In a new essay for Sportsnet, Dr. Hadiya Roderique examines and explains her relationship with competitive sports – particularly her experience as an elite level Ultimate Frisbee player. The multi-faceted and emotionally open piece outlines Hadiya’s desire to be free of preconceptions of race and gender, seeking a space where merit and accomplishments could stand on their own without bias, after encountering prejudice and frustration in so many other aspects of her life.
Starting from her childhood, Hadiya writes about being drawn towards the objective nature of accomplishment in sports and how that helped to provide freedom from the subjective racism and discrimination she encountered so often in her day-to-day life. She writes:
To survive in a world that tries to keep me from earning things, I learned early on to gravitate towards things that are harder to take away, gifts that are harder for others to deny. I have long tried to find the objective, because so much of racism is in the subjective. It’s in the higher standards that you are held to than others, the higher bar you have to pass to earn a reward. It’s in the prove-it-again bias, where some are judged on their “potential,” an elusive, shifting criteria, while others have to repeatedly prove themselves before being given that same chance. Even in the seemingly objective, it’s in the subjectivity of the objective requirements being applied rigorously to you, but applied leniently or waived altogether for someone else. It’s in the oft-repeated statement, “Are you sure that’s what they really meant?” — the common white refrain in response to your description of the 10th microaggression in as many days.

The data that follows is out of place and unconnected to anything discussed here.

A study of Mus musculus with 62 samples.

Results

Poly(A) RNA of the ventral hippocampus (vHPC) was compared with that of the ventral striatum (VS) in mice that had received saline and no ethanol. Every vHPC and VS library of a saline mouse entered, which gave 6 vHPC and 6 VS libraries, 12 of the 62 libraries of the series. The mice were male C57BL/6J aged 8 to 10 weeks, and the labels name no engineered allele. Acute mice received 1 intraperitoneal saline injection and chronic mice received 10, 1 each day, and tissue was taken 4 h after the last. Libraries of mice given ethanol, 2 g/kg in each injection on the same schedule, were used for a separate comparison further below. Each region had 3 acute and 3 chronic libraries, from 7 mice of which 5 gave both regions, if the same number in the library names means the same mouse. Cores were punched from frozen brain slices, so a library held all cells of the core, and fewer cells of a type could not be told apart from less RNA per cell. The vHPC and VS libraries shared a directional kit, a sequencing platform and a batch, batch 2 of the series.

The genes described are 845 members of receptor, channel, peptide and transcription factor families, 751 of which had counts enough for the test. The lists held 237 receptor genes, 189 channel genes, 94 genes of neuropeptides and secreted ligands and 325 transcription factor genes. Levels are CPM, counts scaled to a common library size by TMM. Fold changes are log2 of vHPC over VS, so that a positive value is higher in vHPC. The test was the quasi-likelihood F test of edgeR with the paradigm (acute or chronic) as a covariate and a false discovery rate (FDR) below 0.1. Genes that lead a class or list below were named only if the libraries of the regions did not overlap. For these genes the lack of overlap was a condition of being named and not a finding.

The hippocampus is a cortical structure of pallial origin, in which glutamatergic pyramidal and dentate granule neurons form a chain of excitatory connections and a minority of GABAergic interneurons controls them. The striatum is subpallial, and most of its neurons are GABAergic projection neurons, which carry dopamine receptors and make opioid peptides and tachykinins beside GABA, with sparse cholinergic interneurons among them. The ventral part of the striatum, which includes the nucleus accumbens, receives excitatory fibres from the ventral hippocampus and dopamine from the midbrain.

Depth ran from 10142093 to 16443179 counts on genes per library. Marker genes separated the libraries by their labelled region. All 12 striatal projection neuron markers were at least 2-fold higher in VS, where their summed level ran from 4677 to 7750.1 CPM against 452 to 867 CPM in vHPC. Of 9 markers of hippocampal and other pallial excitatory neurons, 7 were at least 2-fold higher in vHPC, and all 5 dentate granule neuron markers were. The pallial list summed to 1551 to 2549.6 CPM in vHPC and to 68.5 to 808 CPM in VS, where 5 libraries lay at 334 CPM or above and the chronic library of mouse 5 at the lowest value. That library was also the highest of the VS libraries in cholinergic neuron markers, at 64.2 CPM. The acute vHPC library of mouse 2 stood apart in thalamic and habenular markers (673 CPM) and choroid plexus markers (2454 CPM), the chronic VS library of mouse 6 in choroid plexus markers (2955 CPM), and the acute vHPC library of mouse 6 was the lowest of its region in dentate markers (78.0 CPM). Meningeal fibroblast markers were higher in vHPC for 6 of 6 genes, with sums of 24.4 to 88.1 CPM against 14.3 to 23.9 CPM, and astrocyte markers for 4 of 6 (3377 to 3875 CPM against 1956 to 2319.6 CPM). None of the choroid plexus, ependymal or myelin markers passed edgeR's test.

While time playing and competing on the field provided a break from such concerns, it was by no means a perfect oasis. Hadiya goes on to write about how her positive experiences with her teammates were sharply contrasted by then witnessing their treatment vs. her own while on the road. The lack of diversity among the teams also began to weigh on her mind. With her competitive Ultimate days behind her, Hadiya ends look back with a look towards the future:
I think about what I want for the next one who looks like me. I want their teammates to notice the microaggressions, to say something if they hear them. I want those teammates to take real action, volunteer, teach clinics in diverse communities, to acknowledge that the lack of diversity is not okay, and to do something to alter that course. But mostly, I want them not to be the only one — on their team, in their city. I want for others to have the experience I had, the chance to step on the field and be their best selves in a sport that has space for so many different skills and abilities. To feel the safety and possibility and joy that I felt between the cones, on the field, and, more importantly, off of it.
As a young, black woman working as a lawyer on Bay Street, Dr. Hadiya Roderique delivered a wake-up call to corporate Canada in the form of her Globe and Mail feature essay, “Black on Bay Street.” Shared more than 13,000 times on Facebook, with the accompanying video watched more than 250,000 times, Hadiya’s think piece sparked discussion in boardrooms across Canada. In her thought-provoking talks, she discusses barriers and challenges to diversity and inclusion, and counters those common arguments to show the power behind a diverse and inclusive workplace.